What's important is the White Ferns have started their ICC Women's Twenty20 World Cup campaign on the right note after beating Sri Lanka in Perth, Australia.
What will be more crucial is scrutinising where they can and should be better before they face India from 5pm (NZ time) at Junction Oval, Melbourne, on Thursday.
Captain Sophie Devine's bat did the trick in the seven-wicket victory over Sri Lanka, with 14 deliveries in the bank, but not as New Zealand fans have become accustomed to. It was what Devine doesn't do — flick to low gear to tick over the run rate — that put the victors in a comfortable position to seal the match.
Befittingly it was Otago Sparks bowler Hayley Jensen who claimed the player-of-the-match award, after Devine had won the toss and asked Sri Lanka to pad up for 7-127 in their allotted 20 overs.
Captain Chamari Athapaththu Jayangani and fellow opening bats woman Hasini Perera Madushika gave them an outstanding start with 1-60 in 7.4 overs, before the latter got too cute in trying to flick a ramp shot to an Amelia Kerr googly to be out for 20 runs.
The former was world class in her 41 from 30 balls, including five boundaries and two lusty sixes. She'll, no doubt, rue going out to a soft false shot to a Lea Tahuhu caught and bowl, which was the game changer, but it was Kerr's wicket that gave Devine some respite on who to chuck the ball to.
"We knew we just had to stay patient ... so we just probably didn't bowl consistently enough to put her under pressure ... ," Devine said post-match of the damage Jayangani could have potentially done.
From a New Zealand perspective, the opening bowlers were far too loose and inconsistent. Unlike Devine, had Jayangani or Madushika switched modes to see Sri Lanka into the death overs it could have been a markedly different total and story.
Tahuhu, world cup debutante Jess Kerr, spinner Leigh Kasperek and Devine were far too erratic in their early spells.
Christchurch-born Jensen — bar an ambitious bouncer that was put away accordingly — finished with 3-16 to show a simple mantra of line and length to deny bats women the freedom to free their arms is all that was required to flip the pressure back on to Sri Lanka. In fact, Devine should consider introducing her earlier.
Devine had lauded Jensen as "fantastic", revealing that's what they wanted their bowlers to do and highlighted tweaker Kerr as someone who could turn the tide.
Jensen, a medium pacer, had used cross seamers to dip under the bats women's eye level to make it difficult for them to put away deliveries.
"I just kept it simple," the 27-year-old said, adding she hadn't tried to stray from what was working in her first two overs.
Jensen didn't think the wicket was doing too much but the one in St Kilda, where the Kiwis will play three matches next, will be interesting although she should dismiss fanciful thoughts of bouncing strips somehow giving medium merchants a licence to behave like Black Caps seamer Neil Wagner.
"It was a little nervy at the start — as you could tell in our bowling a little bit there — but it's good to get the first win out of the way," she said in receiving her award.
Against India, coach Bob Carter will have to take a hard look at his bowling mix with Rosemary Mair and Anna Peterson as options, albeit subject to what Junction Oval offers.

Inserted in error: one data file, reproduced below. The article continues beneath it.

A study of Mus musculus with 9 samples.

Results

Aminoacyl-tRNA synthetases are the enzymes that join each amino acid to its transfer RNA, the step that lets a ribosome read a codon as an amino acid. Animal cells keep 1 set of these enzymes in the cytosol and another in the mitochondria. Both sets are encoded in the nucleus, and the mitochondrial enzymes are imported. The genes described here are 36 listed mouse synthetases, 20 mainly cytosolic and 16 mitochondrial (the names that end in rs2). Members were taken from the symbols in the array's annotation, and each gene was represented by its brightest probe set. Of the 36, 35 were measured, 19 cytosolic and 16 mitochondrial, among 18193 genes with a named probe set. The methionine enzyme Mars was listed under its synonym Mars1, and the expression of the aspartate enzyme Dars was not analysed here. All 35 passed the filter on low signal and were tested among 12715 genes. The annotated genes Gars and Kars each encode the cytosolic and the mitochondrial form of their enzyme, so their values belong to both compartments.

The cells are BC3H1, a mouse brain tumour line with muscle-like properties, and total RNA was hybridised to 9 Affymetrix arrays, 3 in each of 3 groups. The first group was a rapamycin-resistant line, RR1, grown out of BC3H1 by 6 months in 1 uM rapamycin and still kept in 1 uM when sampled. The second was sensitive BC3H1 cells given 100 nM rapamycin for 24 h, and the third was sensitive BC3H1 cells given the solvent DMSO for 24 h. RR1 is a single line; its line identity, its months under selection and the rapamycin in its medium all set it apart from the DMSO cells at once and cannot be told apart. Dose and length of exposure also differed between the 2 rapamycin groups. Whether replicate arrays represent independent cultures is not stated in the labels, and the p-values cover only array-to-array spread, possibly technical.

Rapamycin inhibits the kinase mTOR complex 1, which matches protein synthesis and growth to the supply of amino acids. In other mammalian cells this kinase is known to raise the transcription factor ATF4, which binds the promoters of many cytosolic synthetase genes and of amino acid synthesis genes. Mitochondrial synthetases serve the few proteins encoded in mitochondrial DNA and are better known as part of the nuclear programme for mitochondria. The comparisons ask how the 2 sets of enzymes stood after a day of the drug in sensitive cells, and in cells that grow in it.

Sri Lanka's lack of batting depth was glaringly obvious but that won't be the case against the likes of Australia and India.
Logic suggests four-time champions Australia and India bats women will be finding rhyme and reason in the way they go about posting a total or chasing down a target in future matches.
Worryingly Rachel Priest was sloppy behind the stumps for the Kiwis, gifting byes and failing to follow the ball, particularly when Madushika was fox trotting on the batting crease with considerable success. With Katey Martin in the line up it seems prudent to hand over the gloves to the Sparks wicketkeeper to let Priest focus on batting. In fact, Martin could be an ideal opener.
Opening bats woman Priest didn't help her case with poor running — ball watching before a pedestrian effort to slide her bat over the line to depart for six runs — from a dozen balls. Harshitha Madavi Samarawickrama ran her out.
Frankly Devine (twice) and first-drop Suzie Bates ( a lollipop at first slip when she was on single digits) were granted an extension to their lives after surviving dropped catches that would have stuck in the hands of more formidable foes.
Consequently Maddy Green — who had made a superb diving catch off a Jayangani shot but dropped it on landing — had raised the IQ of the innings with a measured knock of 29 runs from 20 balls, winning accolades from her skipper.
It was what Australia would have killed for in their 17-run loss to India in the cup opener despite Green's un-agricultural swipe on the leg side to lose her polished furniture to Jayangani. Had Devine and Bates departed cheaply Green and Martin would have felt the burden of shouldering the innings although they are capable.
Left-arm opener Udeshika Prabodhani was outstanding and unlucky not to claim a scalp in going for 16 runs from four overs, including a maiden. Regrettably for a country that is an assembly plant for spinners, Sri Lanka were disappointing in that department. They can still cause upsets but will need to improve their fielding, too.
Kasperek's boundary-sweeping fielding saved countless runs and was inspirational when the chips were down against a side they are 8-0 up in the tourney's history.
Devine, who has carved up eight half centuries in her last nine outings, agreed they were "under the pump" for a good part of the match and discipline would dramatically improve their chances of winning the cup.